FLORENCE — An Eloy man accused of killing a 92-year-old man in 2009 had his criminal charges dismissed Friday in Superior Court.
Judge Joseph Georgini ordered that 58-year-old Arturo Jimenez be released from custody after the defendant spent more than four years at the Pinal County jail awaiting trial.
The prosecution asked that Jimenez’s capital murder case be dismissed due to a lack of evidence.
Gary Husk, a special prosecutor for Navajo County, called this an “unusual” case because, from the beginning, he said there was some doubt about the evidence that pointed to Jimenez. The truth is prosecutors don’t know for sure who committed this murder, he said, so it would have been a “travesty” to try and prosecute Jimenez.
A grand jury indicted Jimenez in October 2013 for the first-degree murder of Norberto Castro, who was beaten to death with a baseball bat at his Eloy home in September 2009.
Jimenez became the prime suspect after the Arizona Department of Public Safety found some DNA on the victim’s screen door that was traced to the defendant.
Despite choosing to indict Jimenez, court documents show the grand jury returned an unsolicited comment to the court “implying that the evidence implicating the defendant was questionable.”
The case changed hands between different attorneys in the following years. In 2016, the election of Pinal County Attorney Kent Volkmer created a conflict due to his prior work as a private attorney and the case was outsourced to Husk.
The state and defense then engaged in a lengthy review of the DNA evidence against Jimenez.
The murder weapon and other pieces of evidence were submitted to an independent laboratory in Utah for testing, but no DNA was found on any of the items aside from the victim’s.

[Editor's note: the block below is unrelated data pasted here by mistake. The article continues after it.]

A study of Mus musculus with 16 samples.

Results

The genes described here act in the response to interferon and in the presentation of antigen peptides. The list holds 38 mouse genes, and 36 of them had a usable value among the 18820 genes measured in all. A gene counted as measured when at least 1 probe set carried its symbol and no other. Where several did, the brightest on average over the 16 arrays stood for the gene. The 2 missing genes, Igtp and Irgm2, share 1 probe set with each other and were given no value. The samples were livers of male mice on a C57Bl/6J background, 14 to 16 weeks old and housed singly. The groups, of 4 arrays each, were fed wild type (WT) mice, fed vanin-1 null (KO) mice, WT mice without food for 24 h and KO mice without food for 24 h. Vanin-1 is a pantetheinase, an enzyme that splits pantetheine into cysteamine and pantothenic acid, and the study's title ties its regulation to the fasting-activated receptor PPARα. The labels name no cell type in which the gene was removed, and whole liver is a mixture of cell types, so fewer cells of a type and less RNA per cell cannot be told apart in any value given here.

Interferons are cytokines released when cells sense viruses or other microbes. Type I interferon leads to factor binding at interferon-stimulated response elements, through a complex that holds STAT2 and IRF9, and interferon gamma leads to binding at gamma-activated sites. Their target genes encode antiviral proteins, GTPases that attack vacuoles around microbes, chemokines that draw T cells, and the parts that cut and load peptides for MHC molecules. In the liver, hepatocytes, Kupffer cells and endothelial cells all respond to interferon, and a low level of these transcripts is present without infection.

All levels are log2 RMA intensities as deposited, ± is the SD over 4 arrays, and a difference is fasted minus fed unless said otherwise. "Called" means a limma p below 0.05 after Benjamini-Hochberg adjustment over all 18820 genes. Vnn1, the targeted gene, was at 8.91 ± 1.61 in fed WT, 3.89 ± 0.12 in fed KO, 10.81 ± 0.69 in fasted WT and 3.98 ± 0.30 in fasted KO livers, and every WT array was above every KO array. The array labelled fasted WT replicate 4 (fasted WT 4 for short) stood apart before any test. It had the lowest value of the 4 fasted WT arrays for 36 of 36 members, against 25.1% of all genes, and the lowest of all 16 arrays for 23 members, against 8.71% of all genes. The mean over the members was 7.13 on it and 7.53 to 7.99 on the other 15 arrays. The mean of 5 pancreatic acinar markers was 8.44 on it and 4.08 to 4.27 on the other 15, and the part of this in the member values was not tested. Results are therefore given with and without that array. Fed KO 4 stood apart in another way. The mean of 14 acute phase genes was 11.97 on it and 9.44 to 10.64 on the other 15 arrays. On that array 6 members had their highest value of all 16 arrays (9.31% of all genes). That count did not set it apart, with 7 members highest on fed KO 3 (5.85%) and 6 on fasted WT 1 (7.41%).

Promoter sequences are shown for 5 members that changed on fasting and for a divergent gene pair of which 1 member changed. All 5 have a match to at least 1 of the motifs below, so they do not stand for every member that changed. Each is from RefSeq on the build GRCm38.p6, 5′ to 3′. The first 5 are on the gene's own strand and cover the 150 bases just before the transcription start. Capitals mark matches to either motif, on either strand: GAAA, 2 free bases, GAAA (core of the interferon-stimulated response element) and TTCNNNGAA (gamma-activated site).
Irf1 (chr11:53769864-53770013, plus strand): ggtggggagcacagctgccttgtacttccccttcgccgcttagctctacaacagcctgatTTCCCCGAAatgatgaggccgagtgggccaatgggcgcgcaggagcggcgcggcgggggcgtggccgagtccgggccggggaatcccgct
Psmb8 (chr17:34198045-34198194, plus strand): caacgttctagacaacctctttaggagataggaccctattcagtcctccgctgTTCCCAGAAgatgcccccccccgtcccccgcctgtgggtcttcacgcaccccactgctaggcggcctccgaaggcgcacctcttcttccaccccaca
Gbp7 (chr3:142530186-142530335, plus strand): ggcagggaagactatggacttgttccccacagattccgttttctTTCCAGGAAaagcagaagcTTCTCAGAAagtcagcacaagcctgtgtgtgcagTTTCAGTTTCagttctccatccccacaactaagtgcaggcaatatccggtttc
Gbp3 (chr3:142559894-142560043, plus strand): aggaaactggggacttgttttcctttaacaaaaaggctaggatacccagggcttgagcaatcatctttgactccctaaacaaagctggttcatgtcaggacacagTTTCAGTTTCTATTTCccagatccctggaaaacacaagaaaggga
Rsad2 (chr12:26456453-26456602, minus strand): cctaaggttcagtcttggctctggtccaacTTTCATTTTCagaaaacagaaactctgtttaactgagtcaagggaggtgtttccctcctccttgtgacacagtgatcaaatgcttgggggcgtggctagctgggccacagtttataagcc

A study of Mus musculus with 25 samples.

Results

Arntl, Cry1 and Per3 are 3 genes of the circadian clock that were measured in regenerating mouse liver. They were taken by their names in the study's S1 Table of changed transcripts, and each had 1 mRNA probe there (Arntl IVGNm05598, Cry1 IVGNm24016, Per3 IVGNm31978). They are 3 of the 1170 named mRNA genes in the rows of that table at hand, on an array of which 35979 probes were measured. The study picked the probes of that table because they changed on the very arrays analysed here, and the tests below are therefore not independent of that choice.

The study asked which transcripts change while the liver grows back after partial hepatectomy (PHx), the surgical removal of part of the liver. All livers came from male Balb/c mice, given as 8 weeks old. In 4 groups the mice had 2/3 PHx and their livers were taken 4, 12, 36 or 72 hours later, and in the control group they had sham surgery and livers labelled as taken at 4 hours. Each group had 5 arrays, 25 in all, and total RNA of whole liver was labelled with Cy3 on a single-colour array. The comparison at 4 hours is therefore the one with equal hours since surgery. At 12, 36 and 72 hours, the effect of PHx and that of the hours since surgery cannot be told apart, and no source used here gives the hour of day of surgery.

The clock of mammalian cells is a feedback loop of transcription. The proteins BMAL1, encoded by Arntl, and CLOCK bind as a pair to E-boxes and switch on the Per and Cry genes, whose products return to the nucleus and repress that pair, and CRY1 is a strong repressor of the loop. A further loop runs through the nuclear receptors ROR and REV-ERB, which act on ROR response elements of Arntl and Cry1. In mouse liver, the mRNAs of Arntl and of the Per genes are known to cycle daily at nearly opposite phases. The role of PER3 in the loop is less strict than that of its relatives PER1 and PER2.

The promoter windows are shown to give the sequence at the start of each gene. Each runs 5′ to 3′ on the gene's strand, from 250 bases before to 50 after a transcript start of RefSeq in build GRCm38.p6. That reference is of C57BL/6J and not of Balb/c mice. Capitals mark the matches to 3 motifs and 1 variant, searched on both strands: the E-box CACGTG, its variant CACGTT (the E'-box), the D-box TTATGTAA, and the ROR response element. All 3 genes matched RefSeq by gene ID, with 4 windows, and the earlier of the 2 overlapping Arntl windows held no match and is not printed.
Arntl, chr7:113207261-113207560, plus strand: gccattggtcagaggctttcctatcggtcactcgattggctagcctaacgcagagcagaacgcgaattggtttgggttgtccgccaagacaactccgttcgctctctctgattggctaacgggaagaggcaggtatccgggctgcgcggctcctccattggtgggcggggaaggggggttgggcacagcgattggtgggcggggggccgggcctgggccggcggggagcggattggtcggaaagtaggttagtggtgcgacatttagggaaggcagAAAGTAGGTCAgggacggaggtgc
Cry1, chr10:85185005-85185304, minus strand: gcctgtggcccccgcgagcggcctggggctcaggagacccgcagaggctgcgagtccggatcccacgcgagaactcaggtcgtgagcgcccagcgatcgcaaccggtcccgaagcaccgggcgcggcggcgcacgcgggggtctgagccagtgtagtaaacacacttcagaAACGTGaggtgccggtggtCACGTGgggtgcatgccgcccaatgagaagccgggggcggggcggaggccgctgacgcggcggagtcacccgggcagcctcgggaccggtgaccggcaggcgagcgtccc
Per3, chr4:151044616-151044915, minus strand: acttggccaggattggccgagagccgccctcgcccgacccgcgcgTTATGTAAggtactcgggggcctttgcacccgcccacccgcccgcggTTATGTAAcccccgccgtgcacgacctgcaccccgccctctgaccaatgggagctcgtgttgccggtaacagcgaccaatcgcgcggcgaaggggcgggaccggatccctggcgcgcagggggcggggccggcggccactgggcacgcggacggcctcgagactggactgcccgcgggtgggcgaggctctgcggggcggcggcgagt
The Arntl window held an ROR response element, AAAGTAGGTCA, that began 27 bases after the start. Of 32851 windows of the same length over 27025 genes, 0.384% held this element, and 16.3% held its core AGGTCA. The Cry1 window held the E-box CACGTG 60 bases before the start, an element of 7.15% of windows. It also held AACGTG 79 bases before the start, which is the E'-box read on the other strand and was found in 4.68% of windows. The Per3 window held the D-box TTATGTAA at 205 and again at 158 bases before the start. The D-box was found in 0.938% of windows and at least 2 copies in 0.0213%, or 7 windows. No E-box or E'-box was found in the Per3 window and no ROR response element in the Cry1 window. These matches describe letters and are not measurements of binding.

In March, the parties had a settlement conference with a Maricopa County judge, who recommended a DNA expert be appointed by the court to review the case.
A former FBI investigator was recruited and determined DPS violated its own protocol with the way it tested the DNA taken from Castro’s screen door. Therefore, the only DNA evidence tied to Jimenez was unreliable.
Robert Storrs, one of Jimenez’s attorneys, said he always doubted the DNA evidence in this case. He filed a motion last summer to suppress the evidence at trial.
If the DNA was precluded, the state would have had little else to help convict Jimenez.
In his motion to dismiss the case, Husk pointed out the state would have had more trouble trying to call the original investigators to testify because they no longer work for the Eloy Police Department.
One of the primary investigators, Janell Brashier, resigned from EPD in 2011 and later had her peace officer certification revoked.
Last month, Brashier pleaded guilty in federal court to theft and fraud charges related to lost money orders at a U.S. post office.
Another of the investigators was dismissed by EPD for improperly taking evidence from a crime scene.
Because of these instances, the credibility of the former investigators would have been questioned if they were called to testify in court.
Husk said the Police Department will essentially have to start from scratch with its investigation into Castro’s death.
Eloy Police Chief Chris Vasquez told PinalCentral in an email that his agency will keep an open mind about the case and go wherever the facts lead.
Before he was indicted for murder, Jimenez was given a 10-month prison sentence for a criminal trespassing charge in Pinal County.
It appears he was released from prison about a week before Castro’s dead body was discovered, according to dates listed on the Arizona Department of Corrections website.
Jimenez’s case was dismissed without prejudice, meaning that the state could try to prosecute him again if new evidence is discovered.
As Georgini read aloud his order to dismiss, an emotional Jimenez quietly said “thank you.”